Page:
Contrary to AOC's claim, Americans don't hate all women

Ever the woman of the people, Alexandria Ocasio-Cortez sat down for a fawning interview with GQ Magazine, in which she spoke about her hopes and dreams for the future...including, oddly, her hope that she lives past this September.  Among the strange things Ocasio-Cortez had to say was her belief that she'll never be able to become president because Americans hate women.  Ocasio-Cortez is wrong, of course.  Americans don't hate all women.  Instead, wisely, most Americans hate women like her...neurotic, vindictive, divisive, angry leftists.  No sane country would put someone like that in a position of power.

I was somewhat surprised, I must admit, to learn that GQ Magazine still exists.  The magazine, which was originally entitled Apparel Arts when it began in 1931, was basically a trade magazine aimed at letting wholesale and retail buyers know what the current trends were.  Retail customers, though, enjoyed the magazine, which was renamed Esquire's Apparel Arts.  By 1958, the magazine was again renamed as Gentlemen's Quarterly, which was shortened in 1967 to GQ.  In 1979, the magazine went from being focused solely on men's clothing to becoming a general topic magazine aimed at men.

Back in the day, the magazine showcased men who still looked manly:

Early Apparel Arts fashion spread. 

Nowadays, not so much:

Image: GQ Magazine cover.

And of course, sometimes GQ eschews men altogether (although AOC in that dominatrix suit somehow manages to look more manly than Ewan McGregor did):

Given the magazine's trajectory, it shouldn't be a surprise that the interview with AOC is something of a loving tongue-bath.  The author, Wesley Lowery, specializes in loving interviews of leftist celebrities, along with a smattering of anti-Trump attitudes and racial division stuff.

It was Lowery who elicited from AOC the reason why she'll never be president.  Lowery writes with the same delicate, maudlin touch typical for women's magazines in the mid-20th century, something that "reputable" magazines once viewed with disdain.  GQ, clearly, is no longer reputable:

Over the course of our conversations, the congresswoman typically answered in a confident, fast-paced patter — each sentence closely chasing the tail of the last. But now her speech slowed to a crawl and, for the first time in the hours we had spent speaking, she broke eye contact, burying her gaze in the arm of her chair. Tears pooled in the corners of her eyes.

"I hold two contradictory things [in mind] at the same time. One is just the relentless belief that anything is possible," she said. "But at the same time, my experience here has given me a front-row seat to how deeply and unconsciously, as well as consciously, so many people in this country hate women. And they hate women of color. People ask me questions about the future. And realistically, I can't even tell you if I'm going to be alive in September. And that weighs very heavily on me. And it's not just the right wing. Misogyny transcends political ideology: left, right, center. This grip of patriarchy affects all of us, not just women; men, as I mentioned before, but also, ideologically, there's an extraordinary lack of self-awareness in so many places. And so those are two very conflicting things. I admit to sometimes believing that I live in a country that would never let that happen."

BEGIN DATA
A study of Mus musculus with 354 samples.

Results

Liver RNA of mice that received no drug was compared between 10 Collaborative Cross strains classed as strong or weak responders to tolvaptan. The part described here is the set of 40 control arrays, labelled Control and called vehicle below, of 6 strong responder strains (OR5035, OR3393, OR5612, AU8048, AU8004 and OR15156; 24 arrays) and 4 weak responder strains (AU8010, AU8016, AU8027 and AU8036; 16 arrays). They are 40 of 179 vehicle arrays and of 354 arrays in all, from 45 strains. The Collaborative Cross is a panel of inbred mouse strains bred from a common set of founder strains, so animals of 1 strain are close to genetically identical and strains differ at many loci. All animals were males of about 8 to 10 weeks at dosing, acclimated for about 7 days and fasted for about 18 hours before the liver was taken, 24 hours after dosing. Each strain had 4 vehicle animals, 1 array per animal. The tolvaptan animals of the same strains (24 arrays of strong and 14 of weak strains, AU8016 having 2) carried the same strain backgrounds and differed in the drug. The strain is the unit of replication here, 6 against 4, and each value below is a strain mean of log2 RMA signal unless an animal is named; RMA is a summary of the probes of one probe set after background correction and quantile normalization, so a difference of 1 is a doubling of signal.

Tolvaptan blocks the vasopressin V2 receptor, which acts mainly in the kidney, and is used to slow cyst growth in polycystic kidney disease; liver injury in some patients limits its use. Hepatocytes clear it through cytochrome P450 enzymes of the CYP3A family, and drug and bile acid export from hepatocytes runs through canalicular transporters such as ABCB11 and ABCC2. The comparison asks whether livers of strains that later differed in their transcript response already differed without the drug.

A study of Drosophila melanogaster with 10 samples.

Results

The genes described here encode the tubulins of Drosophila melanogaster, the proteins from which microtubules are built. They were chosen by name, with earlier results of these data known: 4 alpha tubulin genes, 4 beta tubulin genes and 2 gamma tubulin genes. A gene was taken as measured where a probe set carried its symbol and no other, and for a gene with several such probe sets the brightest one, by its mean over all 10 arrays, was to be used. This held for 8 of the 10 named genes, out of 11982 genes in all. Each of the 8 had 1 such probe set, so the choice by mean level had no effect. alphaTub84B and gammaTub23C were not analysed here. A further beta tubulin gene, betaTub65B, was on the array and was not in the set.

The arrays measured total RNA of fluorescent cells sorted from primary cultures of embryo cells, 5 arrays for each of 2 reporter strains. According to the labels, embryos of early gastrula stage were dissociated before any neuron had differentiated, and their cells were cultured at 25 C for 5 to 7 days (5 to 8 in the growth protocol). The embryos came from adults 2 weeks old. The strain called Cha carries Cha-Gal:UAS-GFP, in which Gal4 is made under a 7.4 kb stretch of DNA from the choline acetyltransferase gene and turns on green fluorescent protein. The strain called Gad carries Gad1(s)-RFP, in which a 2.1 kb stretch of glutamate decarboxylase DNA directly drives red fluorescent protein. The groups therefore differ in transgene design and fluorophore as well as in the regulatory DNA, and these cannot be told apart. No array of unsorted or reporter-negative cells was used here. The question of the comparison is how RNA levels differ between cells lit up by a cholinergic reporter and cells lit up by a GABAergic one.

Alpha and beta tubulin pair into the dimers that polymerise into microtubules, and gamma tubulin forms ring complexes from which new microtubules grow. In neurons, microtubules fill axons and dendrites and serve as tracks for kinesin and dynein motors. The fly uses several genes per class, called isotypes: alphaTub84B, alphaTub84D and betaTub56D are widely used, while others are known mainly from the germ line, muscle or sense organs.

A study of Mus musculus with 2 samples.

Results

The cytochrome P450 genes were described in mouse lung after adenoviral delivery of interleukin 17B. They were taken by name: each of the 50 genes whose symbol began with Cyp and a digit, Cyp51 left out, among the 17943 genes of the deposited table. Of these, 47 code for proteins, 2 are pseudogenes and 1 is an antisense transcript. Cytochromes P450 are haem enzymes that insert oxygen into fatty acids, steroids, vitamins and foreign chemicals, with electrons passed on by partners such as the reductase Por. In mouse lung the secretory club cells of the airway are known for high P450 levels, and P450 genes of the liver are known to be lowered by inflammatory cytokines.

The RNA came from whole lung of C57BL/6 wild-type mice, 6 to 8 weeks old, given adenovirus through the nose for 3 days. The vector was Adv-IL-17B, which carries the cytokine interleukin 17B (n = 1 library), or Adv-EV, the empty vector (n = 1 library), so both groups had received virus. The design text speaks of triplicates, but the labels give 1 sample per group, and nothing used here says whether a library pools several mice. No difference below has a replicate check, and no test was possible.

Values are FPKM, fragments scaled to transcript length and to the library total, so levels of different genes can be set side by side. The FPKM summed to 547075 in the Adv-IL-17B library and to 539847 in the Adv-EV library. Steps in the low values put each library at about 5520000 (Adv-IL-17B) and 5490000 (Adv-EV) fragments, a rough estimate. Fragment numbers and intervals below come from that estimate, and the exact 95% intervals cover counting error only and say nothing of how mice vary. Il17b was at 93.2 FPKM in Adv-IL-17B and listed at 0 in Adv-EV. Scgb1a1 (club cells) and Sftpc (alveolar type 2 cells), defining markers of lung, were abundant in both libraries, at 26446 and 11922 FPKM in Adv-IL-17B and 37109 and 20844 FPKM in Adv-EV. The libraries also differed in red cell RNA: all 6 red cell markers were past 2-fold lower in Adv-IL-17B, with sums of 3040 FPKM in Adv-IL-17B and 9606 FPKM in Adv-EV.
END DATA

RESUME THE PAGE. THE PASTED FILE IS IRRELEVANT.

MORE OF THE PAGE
There's a disconnect there.  A bartender rose to the United States Congress, mostly because she's Hispanic and female, as well as having that, um, fierce gaze.  The vice president's office is occupied by a half-black, half southeast-Asian female.  There is nothing women cannot achieve in this country.

But in a way, AOC is correct.  There is a type of misogyny that transcends political ideology.  It's that small grain of common sense that still resides in most Americans, and that says that leftist women like AOC are unstable, hysterical, neurotic, emotional, and incapable of rational thought:

This neurotic woman won't even say the word "white":

Winston Churchill explained that "socialism is the philosophy of failure, the creed of ignorance, and the gospel of envy."  In other words, leftism — for socialism is leftism — is rooted firmly in emotion, not reason.  Women, sadly, seem to be more vulnerable to appeals to emotion.  If you feed them a steady diet of failure, ignorance, and envy, wrapped in a package of anger and resentment, you get the photogenic Ocasio-Cortez and the screaming harridans who are her handmaidens.

So yes, I, a woman, am firmly misogynistic when it comes to putting any leftist woman in power.  No matter how nicely groomed, these women are unhinged and dangerous.